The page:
Szegénylegények/The Round-Up (1966)



The prison is a stucco and wood construction in the middle of the vast Hungarian plain. Jancso creates a tension between the claustrophobic and the agoraphobic. The imprisoned are confined by high walls. They are surrounded by a limitless space made absurd by the ever-present twittering of unseen birds. In turn, Jancso uses both extreme long shots and close-ups to create a bizarre tension within the space. The tension is only increased by the interchangeability of guards and prisoners. One soldier is even demoted and sent into the “big yard” because his superiors are convinced he’s the rebel killer Veszelka, impersonating an gendarme.

With its minimal plot and anonymous characters, The Round-Up could be described as a sado-masochistic ballet. Dialogue is reduced to soldiers barking commands like “come here” and “go inside.” Each activity is precisely regimented, even the exchange of food outside the prison walls.

Jancso is celebrated for his camera-movement, often relating an entire scene in one sequence shot. He is just as concerned with movement within the mise en scene. The Round-Up unfolds like a living illustration from Foucault’s Discipline and Punish. The prisoners constantly fall in in order to be scrutinized by guards and informants. Prisoners walk in a circle. Soldiers drill in a circle or march in an endless formation off into the distance. In a harrowing scene, a naked female prisoner is made to run back and forth between rows of soldiers armed with switches. The observing prisoners protest by throwing themselves off the prison ramparts—a stylized form of suicide. Ball and chains are used less to hold prisoners in place than to distort their movements.


Absurdity lurks just over the horizon’s unforgiving vertical. When the father and son produce the man they accuse of murdering Gajdor, their confession is met with the dismissal. “You’re all lying.” This is Kafka under a merciless Hungarian sun.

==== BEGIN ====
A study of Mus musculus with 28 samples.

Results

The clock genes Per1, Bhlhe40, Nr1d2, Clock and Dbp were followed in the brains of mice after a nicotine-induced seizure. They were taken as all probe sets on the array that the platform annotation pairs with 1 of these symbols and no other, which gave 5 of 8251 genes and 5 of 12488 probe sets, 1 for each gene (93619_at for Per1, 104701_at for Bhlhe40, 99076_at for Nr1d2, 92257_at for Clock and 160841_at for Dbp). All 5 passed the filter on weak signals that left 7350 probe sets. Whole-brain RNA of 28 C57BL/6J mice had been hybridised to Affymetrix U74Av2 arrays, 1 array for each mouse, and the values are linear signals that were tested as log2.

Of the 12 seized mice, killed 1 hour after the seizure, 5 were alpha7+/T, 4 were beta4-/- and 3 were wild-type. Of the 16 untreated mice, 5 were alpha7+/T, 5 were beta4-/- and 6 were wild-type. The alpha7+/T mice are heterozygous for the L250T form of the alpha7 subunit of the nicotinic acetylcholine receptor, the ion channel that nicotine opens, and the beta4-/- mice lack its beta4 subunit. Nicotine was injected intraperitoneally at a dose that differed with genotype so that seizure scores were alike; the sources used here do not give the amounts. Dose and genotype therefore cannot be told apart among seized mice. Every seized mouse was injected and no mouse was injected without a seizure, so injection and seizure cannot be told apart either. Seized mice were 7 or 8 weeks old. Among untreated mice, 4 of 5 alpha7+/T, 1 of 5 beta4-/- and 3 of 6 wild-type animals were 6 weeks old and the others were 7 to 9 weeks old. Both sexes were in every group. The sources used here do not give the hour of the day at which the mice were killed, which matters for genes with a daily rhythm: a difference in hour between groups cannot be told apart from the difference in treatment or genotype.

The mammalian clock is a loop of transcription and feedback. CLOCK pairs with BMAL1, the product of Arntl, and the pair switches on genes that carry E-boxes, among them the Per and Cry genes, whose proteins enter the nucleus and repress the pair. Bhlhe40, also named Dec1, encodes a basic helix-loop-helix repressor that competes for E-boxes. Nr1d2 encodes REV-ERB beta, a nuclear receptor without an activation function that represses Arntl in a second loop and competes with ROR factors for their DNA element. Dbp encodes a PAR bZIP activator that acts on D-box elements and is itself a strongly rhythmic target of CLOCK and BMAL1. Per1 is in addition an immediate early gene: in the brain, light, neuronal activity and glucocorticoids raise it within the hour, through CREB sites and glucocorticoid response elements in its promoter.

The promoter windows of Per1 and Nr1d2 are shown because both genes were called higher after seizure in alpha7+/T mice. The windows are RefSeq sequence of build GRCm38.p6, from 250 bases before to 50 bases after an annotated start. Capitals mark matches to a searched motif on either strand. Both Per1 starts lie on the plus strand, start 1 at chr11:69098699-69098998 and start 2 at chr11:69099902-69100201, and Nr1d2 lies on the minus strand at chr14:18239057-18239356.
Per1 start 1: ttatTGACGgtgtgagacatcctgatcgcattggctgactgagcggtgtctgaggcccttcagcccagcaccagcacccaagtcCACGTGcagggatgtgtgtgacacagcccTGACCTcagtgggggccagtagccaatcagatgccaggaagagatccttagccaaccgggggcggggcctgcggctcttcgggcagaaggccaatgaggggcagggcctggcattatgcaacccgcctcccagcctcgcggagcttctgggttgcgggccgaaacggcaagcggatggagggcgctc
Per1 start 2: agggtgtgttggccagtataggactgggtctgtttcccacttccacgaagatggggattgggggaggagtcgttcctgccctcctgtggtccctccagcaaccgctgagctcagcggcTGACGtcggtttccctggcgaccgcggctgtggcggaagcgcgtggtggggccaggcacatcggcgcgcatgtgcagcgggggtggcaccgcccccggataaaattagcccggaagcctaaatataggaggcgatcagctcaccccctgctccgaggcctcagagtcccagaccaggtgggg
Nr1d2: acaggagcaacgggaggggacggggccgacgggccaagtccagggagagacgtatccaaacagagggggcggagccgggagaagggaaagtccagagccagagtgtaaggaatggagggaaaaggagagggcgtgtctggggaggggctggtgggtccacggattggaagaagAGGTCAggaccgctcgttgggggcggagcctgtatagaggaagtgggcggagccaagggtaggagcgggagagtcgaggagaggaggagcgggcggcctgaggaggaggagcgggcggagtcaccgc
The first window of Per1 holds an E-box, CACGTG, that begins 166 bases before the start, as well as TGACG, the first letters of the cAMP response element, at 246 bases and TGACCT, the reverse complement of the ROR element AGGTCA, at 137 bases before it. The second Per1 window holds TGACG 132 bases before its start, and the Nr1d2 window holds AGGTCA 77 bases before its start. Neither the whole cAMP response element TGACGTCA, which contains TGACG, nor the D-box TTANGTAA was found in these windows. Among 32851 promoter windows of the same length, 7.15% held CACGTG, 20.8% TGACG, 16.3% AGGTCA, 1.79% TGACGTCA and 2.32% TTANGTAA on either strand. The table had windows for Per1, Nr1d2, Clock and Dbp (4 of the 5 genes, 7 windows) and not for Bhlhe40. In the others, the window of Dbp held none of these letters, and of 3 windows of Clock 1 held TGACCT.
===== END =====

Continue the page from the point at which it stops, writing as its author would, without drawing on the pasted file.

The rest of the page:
The atmosphere, laconic dialogue and stylized camera movements make the film a precursor to Leone’s Once Upon a Time in the West. Jancso, however, isn’t trying to illuminate the myths of Hungary’s past. He’s establishing a timeless situation applicable to Hungary’s present. The military, coded as German, could be the Soviets. The rebels’ scruffy hair indicates beatnik lifestyles. They talk about the unrest of the ‘60s as if it happened yesterday. The informants walk among the prisoners and among the audience. The blurry distinction of truth and lying is the only space where Jancso’s Hungarians can actually exist.

For a Westernized audience, The Round-Up is a descent into Soviet Bloc-style madness, made of images still relevant today. Those hooded prisoners could be held in Gauntanamo and Abu Gharaib. The informants could be Afghans paid to hide or expose Taliban leaders. Strangely, while the guards use intimidation, isolation and execution against their prisoners, they refrain from torture. Interrogation is the preferred method of extracting information. It’s as if Jancso has decided that, in this bleak world, the tyranny of words over truth and fiction is the bitterest punishment of all.